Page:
By Timothy Hurley
Advertiser Maui Bureau
WAILUKU, Maui Alarmed by a new wave of development along Maui's shoreline, a group of residents have formed a land trust organization aimed at preserving coastal open space and beach access.
The Maui Coastal Preservation Trust has been in the planning stages for six months and has emerged with a diverse executive committee that includes environmentalists and developers, land planners, financial experts and representatives of major landowners.
"We fully expect to hit the ground running, said Wailuku attorney Tom Pierce, president of the trust.
"With community support, we expect to play an important role in preserving Maui's coastal areas for future generations to enjoy."
The idea of a coastal land trust was sparked more than a year ago by development plans for Palauea Beach, a pristine shore near the South Maui resort of Wailea. Community members campaigned to save the area from luxury home development, and Maui County last year bought two of the nine large lots fronting the beach.
With the economy heating up, other oceanfront lands are either being considered for development or are already earmarked for it, including properties in Makena, Wailea, Olowalu, Kaanapali and Mahinahina.
Last summer, a survey by the Trust for Public Land found that nearly 80 percent of Mauis residents want more county spending on land, air and water protection, and most of those wanted it increased substantially.
Aided by grants from the Trust for Public Lands and the Environmental Support Center, more than 40 people joined a land trust planning effort that featured focus groups discussing strategies for preserving natural coastal areas.
Pierce said he was impressed with the consensus that emerged.
"Everyone agreed that preserving our coastal lands as open space made sense, he said. "We concluded a land trust would provide the best mechanism for accomplishing that goal.
The organization plans to use many of the tools employed by land trusts across the country to preserve open space and curb urban sprawl, including accepting gifts of land, creating conservation easements, purchasing lands and acting as land stewards.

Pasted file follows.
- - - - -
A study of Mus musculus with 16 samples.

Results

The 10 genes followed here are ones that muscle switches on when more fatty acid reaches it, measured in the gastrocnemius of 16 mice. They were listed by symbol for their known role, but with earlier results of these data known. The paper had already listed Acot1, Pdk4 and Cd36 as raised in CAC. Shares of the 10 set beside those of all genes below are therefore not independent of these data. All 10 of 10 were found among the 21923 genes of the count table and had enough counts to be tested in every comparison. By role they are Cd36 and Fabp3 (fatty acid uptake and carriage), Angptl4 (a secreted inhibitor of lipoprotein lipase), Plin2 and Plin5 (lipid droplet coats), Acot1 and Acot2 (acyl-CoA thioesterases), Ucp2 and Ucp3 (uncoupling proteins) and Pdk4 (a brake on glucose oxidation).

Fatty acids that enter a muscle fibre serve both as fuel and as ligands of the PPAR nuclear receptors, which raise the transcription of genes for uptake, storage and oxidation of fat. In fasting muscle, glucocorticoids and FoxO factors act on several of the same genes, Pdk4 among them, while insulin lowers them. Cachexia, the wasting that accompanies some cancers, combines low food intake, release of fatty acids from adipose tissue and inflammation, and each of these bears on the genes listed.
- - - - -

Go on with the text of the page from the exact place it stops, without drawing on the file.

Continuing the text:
Many of the strategies result in substantial tax benefit to the landowners.
The use of conservation easements, in particular, is growing nationally, with more than 5 million acres tagged with such protection. Conservation easements are legal agreements between property owners and land trusts or government agencies that place permanent restrictions on use of the land to protect conservation values.
While some easements are made to prevent development, others protect wildlife habitat or traditional land uses such as farming.
The federal Taxpayer Relief Act of 1997 allows landowners to write off nearly 40 percent of the value of the land with conservation easements.
Maui Coastal Preservation Trust executive committee members include Mercer "Chubby Vicens of A&B Properties Inc., Lucienne de Naie of the Sierra Club Maui Group and former county public works chief Charles Jencks, who now works for Maui Land & Pineapple Co.
Another committee member, Claire Cappelle, the Maui liaison of the Hawaiian Islands Humpback Whale National Marine Sanctuary, said shes excited about the groups prospects for success, considering the varied makeup of the board.
As for her own involvement, she said that while the sanctuary focuses on whales and their habitat, theres also a concern about the effects of land development on the sea.
Additionally, she wants to preserve open space for children and for future generations.
"Maybe theyll be able to sit in the open space and watch the whales, she said.
The group is offering charter memberships for a minimum donation of $100 and seeking volunteers with expertise in land use planning and management, fund-raising, membership development, graphic design and bookkeeping.
For details, call Susan Bradford at (808) 874-5351 or contact Linda Nelson by e-mail at firstname.lastname@example.org or P.O. Box 330731, Kahului, HI 96733.